World

The Ukraine war is not a video game

10 April 2022

5:30 PM

10 April 2022

5:30 PM

In a typically baffling column in the New York Times, Thomas L. Friedman has said that Russia’s invasion of Ukraine might represent ‘our first truly world war’ because, among other reasons, ‘virtually everyone on the planet can… observe the fighting at a granular level.’

This is primarily absurd because it implies that being able to observe the conflict from anywhere around the world is more significant than the fact that many millions died there, as women and children once did from Tokyo to Tobruk. But another question is whether we are observing the conflict on a ‘granular’ level at all.

It is certainly the case the war has produced more media in a little over a month than most conflicts have in years, all of which we have been able to follow on social media. We have seen the aftermath of bombings. We have seen columns of refugees. We have seen bodies lying in the streets. We have even seen snatches of violence, such as a haunting scene, which I cannot get out of my head, in which an old man is caught in the street, amid pure chaos and confusion, before a shell explodes and the camera jolts to black.

Most of the actual fighting, though, has been observed from an aerial perspective. Drone footage has shown columns of tanks being obliterated or, in one instantly memorable scene, a Russian soldier fleeing back to his unit before it was destroyed by Ukrainian artillery.


This footage is compelling, of course, and it can be a useful way of documenting war crimes, such as when a video appeared to show Russian troops opening fire on a cyclist. Even so, this footage frequently does not offer us a ‘realistic’ view of war but a sanitised perspective – comparable to the view of someone playing strategy games. The soldier fleeing the Ukrainian drone does not look like a man. He has the comical gait of a villager in Age of Empires. (Online absurdists soon mocked up a video in which he was fleeing from a dinosaur.)

A granular perspective – a realistic one – would show us frantic men fighting for their lives as their tanks were consumed by flames, or the twisted, screaming features of the soldier as he fled. It would show us not just death but what it is like to die. As it is, their deaths are no more vivid than a bug being squished. They have no emotional resonance unless you contemplate the implications.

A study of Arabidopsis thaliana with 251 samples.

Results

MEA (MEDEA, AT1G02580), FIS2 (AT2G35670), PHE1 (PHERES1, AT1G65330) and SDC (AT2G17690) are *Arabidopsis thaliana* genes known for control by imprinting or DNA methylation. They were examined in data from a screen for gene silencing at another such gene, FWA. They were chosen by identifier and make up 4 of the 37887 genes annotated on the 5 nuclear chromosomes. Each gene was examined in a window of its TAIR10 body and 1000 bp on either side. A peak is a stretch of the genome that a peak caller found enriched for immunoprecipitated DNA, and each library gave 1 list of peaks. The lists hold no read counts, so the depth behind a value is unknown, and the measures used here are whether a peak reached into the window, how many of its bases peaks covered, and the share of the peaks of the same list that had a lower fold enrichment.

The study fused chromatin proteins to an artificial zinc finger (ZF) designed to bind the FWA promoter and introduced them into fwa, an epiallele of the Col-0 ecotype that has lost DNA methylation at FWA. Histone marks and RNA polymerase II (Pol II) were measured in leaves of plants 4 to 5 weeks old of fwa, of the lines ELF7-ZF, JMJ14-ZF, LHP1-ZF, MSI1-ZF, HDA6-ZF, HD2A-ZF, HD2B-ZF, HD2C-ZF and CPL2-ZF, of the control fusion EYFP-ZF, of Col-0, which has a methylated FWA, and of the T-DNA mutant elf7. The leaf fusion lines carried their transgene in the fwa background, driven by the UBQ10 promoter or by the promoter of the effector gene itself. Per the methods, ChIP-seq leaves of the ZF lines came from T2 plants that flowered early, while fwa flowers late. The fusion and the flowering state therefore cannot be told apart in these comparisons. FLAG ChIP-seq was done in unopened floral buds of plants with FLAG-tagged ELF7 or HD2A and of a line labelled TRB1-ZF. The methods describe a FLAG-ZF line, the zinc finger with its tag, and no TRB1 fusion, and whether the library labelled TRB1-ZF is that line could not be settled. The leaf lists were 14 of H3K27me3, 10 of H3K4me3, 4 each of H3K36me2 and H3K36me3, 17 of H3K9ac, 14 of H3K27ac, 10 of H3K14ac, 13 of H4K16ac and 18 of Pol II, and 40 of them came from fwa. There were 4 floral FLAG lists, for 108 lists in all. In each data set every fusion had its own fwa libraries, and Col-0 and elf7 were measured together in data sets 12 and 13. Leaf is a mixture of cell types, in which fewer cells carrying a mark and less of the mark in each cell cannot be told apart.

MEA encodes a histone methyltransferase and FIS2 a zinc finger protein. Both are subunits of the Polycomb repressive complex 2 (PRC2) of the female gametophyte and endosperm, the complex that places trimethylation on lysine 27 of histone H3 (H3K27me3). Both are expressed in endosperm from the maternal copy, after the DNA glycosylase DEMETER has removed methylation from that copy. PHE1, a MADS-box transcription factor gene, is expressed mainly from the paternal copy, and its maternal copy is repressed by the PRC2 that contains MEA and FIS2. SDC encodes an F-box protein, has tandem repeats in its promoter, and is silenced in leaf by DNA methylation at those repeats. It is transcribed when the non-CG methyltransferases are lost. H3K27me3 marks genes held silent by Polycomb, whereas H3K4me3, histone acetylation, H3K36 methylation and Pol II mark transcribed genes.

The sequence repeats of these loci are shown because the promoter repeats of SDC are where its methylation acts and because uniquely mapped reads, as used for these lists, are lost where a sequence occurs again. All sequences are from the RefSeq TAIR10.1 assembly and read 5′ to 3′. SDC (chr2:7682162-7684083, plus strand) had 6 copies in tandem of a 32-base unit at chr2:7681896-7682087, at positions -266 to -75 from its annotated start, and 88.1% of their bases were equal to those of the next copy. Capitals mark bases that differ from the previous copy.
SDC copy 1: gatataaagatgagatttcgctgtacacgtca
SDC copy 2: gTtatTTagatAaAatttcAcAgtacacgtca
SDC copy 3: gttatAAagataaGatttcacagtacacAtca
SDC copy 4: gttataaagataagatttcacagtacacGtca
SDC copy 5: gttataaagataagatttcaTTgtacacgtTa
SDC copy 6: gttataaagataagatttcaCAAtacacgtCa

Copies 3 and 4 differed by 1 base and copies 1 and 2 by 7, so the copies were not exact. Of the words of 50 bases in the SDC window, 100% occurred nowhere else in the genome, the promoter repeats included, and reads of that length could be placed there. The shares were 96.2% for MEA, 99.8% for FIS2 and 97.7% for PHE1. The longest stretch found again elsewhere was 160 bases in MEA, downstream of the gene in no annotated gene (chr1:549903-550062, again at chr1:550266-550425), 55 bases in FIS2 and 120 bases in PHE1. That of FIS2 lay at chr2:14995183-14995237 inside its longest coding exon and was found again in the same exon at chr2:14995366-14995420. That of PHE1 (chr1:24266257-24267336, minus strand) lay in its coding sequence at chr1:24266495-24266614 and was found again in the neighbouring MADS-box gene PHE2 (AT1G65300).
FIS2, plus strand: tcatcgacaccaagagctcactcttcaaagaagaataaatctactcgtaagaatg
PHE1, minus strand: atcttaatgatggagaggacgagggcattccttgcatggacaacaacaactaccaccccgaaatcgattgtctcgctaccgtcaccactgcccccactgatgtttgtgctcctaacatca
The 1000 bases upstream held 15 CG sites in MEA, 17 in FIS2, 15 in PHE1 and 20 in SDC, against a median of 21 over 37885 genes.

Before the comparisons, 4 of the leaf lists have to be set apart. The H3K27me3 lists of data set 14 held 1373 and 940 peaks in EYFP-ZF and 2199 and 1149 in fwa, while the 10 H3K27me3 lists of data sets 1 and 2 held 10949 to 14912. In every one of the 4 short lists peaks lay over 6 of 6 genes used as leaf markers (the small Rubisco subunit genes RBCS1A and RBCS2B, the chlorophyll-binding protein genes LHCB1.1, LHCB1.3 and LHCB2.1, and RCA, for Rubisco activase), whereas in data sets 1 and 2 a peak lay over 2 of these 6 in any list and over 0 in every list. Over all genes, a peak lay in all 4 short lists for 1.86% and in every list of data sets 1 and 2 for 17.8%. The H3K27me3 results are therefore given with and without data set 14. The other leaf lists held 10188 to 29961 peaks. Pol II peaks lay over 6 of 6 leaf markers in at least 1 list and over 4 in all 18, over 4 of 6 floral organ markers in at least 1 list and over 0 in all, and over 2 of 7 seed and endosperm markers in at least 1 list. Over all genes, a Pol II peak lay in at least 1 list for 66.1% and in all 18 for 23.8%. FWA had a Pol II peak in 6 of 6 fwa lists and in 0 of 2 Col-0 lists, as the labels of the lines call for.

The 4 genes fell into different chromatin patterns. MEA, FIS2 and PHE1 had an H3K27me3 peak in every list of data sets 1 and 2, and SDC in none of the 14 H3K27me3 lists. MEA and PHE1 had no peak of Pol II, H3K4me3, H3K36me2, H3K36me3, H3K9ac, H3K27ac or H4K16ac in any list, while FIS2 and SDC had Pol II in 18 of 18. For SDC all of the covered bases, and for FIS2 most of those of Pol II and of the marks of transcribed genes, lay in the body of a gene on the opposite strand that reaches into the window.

Now, before I am confused with a pacifist I should make it clear that I do not think there is anything wrong with Ukrainians killing members of an invading army. (Except, of course, in cases where those soldiers have surrendered, which makes it a war crime.)

Nor do I think the death of someone who has forced their way into somebody’s home is as tragic as the deaths of the inhabitants. But I dobelieve this bird’s-eye-view of war makes us too callous in the face of the agonising deaths of very young men who have been lied to and exploited by people who should have known better. No doubt many Russian troops will have murdered civilians in Ukraine. But many of them haven’t and their deaths, while not wrong, should not be celebrated. If nothing else, one wishes these young men had been able to stay home with their mums.

I also worry that we will become more gung ho about future interventions if war resembles a funny game in which targets are neatly, cleanly eliminated. Ukraine was Putin’s choice but the next might be ours and it might seem more appealing from our bloodless bird’s-eye-view.

Even when we must accept the deaths and suffering of soldiers, we should not forget that when a drone annihilates its target there can be civilians as well as soldiers among the wreckage. Last year, the US attempted to carry out a ‘righteous strike’ against terrorists in Afghanistan and killed an aid worker and a carload of children. No doubt the strike looked satisfying from above.

We should remember that one day it could be us underneath a drone. If nothing else, modern warfare will consign to history the idea that conflict is an honourable, ennobling pursuit. One can see how that made sense when men picked up their blades, mounted their horses and charged into battle. Not so when you can train your whole adult life for the moment when you are wiped out by an unfeeling device you never hear or see.